One thing that has stumped me lately about pop culture (among most things about pop culture) is the rise in fictional depictions of the bleakest / most disgusting / criminal / evil aspects of humanity. Dexter, Hannibal, GoT, The Walking Dead, Weeds, Orange Is the New Black, Breaking Bad… and that’s just off the top of my head. I don’t even follow any TV shows.
We’re even beginning to pit our superheroes against each other – formerly the apotheosis of popular culture’s fictional depictions of the superego. They were supposed to be goody-goodies. That was the point. They were superheroes not only because they had powers but because they could wield those powers more virtuously than us mortals. They were supposed to be noble. Selfless. Brave. And now, for the first time since superhero movies began, we make one that focuses on conflict – not just conflict, all-out war – between our heroes.
This is the first generation that disavowed Superman as the ultimate hero. They’ll say it’s because he’s not cool enough, but the truth is that he’s too good. He was raised by loving (granted, foster) parents who imbued him with morals of kindness and righteousness. He is not driven by a painful, unresolved trauma (such as Batman’s orphanhood, Spiderman’s guilt). He’s not even the same species as the people he saves, for God’s sakes. He does the right thing for no other reason than it’s the right thing. And most of the time he seems happy and secure.
All that gets on the nerves of a generation that feels that the chance for such a life has passed them by. It is taunting them to see a portrayal of something they can never have.
I think all this focus on crime and negativity is partly sour-graping. “Oh, I guess I can’t be moral and strong and good. I didn’t have parents who raised me that way. Well, I never wanted that anyway.”
Partly spite. “So I’m part of the generation that ruined the world. You think I’m a bad person? You have no idea how bad I can be.” Oh, now I’m scared. No really, I am. Not because of what you’ll do to me, but because of the kind of world you’re going to leave to my children.
Today I met a guy who said his role model was The Joker. He was completely sane, which is the worrying part. Why does a guy, faced with a vast wealth of fictional and actual people to model himself after, choose somebody like The Joker? Specifically, Jared Leto’s Joker. I already said he was sane, so the answer is more complex than it appears.
First, let’s go back to the definition of the narcissist as I reposted from The Last Psychiatrist:
The narcissist is a character: an invented but well-scripted identity. The narcissist is trying to be something – which already has a model. Perhaps she thinks herself a bohemian artist type, or a tough chick, or the type interested in spiritualism, or like Zooey Deschanel in, well, every Zooey Deschanel movie. Types, characters. Accordingly, the narcissist has external markings of identity: tattoos, changing hair colors, clothes.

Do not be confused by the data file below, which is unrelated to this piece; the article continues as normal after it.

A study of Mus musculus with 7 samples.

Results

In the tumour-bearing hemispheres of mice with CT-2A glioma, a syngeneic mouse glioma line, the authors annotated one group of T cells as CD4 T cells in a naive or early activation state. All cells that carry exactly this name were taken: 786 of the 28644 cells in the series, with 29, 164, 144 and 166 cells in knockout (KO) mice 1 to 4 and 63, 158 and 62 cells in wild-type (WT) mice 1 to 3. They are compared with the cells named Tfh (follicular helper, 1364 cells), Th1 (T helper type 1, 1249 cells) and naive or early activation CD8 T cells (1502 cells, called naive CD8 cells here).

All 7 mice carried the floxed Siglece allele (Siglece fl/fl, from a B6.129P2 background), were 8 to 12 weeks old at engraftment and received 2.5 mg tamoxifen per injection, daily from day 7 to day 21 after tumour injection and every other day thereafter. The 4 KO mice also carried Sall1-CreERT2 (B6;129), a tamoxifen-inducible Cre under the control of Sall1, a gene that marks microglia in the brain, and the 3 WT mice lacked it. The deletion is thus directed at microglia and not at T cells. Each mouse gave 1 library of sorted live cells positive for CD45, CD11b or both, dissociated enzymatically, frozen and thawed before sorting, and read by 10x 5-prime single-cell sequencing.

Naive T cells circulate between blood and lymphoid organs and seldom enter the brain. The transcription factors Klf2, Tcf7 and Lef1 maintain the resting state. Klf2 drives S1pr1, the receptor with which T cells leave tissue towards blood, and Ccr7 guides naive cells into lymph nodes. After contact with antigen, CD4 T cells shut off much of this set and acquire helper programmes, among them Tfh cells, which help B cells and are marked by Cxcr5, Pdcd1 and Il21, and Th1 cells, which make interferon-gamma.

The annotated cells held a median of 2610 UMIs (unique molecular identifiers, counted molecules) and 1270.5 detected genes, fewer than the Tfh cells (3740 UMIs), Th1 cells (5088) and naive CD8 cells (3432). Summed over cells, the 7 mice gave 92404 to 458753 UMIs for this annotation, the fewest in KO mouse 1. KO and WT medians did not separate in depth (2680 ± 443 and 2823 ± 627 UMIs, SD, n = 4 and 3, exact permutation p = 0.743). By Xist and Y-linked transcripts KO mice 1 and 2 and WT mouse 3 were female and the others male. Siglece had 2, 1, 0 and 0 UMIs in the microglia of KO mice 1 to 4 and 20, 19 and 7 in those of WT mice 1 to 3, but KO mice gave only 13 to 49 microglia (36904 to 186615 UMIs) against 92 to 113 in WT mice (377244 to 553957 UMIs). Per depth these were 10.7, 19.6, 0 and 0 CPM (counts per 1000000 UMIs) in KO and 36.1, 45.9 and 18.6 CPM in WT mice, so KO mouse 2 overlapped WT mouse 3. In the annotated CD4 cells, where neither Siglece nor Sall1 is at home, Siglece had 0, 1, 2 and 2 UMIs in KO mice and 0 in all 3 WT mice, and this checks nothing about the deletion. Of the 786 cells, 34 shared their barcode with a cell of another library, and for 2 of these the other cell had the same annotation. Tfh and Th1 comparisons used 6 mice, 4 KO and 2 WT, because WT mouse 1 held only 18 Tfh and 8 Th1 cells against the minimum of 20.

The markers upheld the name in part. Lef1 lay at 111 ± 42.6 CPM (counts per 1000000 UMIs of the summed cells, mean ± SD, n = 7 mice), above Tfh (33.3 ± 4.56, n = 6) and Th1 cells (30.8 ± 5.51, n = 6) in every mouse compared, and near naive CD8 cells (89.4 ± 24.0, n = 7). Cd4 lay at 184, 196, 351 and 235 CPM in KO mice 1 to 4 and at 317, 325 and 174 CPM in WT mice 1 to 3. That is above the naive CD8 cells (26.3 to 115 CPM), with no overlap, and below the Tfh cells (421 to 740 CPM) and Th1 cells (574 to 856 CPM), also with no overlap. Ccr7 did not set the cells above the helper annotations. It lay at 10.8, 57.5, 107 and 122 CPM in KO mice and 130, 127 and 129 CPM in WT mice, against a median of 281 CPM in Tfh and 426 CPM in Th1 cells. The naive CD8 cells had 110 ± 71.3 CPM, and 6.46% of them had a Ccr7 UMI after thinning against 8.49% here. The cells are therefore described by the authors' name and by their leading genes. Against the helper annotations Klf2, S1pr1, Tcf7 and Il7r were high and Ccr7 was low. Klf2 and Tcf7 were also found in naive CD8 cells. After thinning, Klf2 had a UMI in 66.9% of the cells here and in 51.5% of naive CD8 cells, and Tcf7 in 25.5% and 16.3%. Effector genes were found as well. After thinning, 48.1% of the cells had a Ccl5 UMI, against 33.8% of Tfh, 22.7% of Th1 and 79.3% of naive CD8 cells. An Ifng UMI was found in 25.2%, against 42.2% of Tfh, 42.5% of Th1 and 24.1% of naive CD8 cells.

Subscribing to this definition, choosing The Joker as a role model, with some emphasis on The Joker’s external markings of identity (he wanted a neon-green streak in his hair also) is a manifestation of narcissism. Which is not a personal judgment; in this society, I would no sooner condemn narcissism than I would condemn somebody for having soot in their lungs. (See: environment.)
But, given that it’s a narcissistic choice, why specifically The Joker? Why not Batman, also tragic, also complex? Why not Ironman, the rich playboy? Why not Jared Leto himself, whose real-life identity in/forms a large part of his character’s fictional identity?
It ties in with the reasons I’ve posited above (II) for this generation’s new and strange cultural fascination with darkness, plus:
This generation knows it’s in The Matrix. However, it doesn’t understand what The Matrix actually is. It’s only aware of the meaninglessness of the things it is being told to want; a dim awareness, but one that persists, one that troubled much fewer of the previous generations that lived in The Matrix. (Different Matrices, sure.)
Lacking a Morpheus to pull the plug and usher them into a more real existence, the kids of this generation are rebelling against what they think are the sacrosanct values of the system that oppresses them. It is like a vague and ineffectual thrashing within the liquid of the pod / prison / womb. They have a dim, numb feeling that this isn’t what life is supposed to be like, but they have no idea either what it is supposed to be like.
As part of this amorphous, nascent rebellion, they consume these dark things for entertainment. The main characters in GoT, barbaric as their world may be, still mostly hold their own fates in their hands. Dexter is a murderer, but he practices vigilante justice. There’s a longing for something real: real danger, the taste of blood, instead of the dull terror of looming deadlines. And a life of freedom, lived vicariously through these characters: who, despite the bleakness of their worlds, can move with agency within those worlds.
Instead of their own lives: surrounded by plenty, and unable to derive lasting enjoyment from any of it.
Obviously I didn’t engage the guy in a detailed discussion of his own narcissism. So this is just a safe guess: Wanting to rebel against a straitlaced society, someone like The Joker is the most subversive, dangerous character he could probably think of emulating. But who created The Joker? Who produced that movie? Who’s making the money from his, and millions of others’, narcissistic fulfillment? As fast as this generation begins to rebel, the media co-opts that rebellion, holds it upside down and shakes it until all its money falls out.
And this generation is excited by the prospect of that. Every time.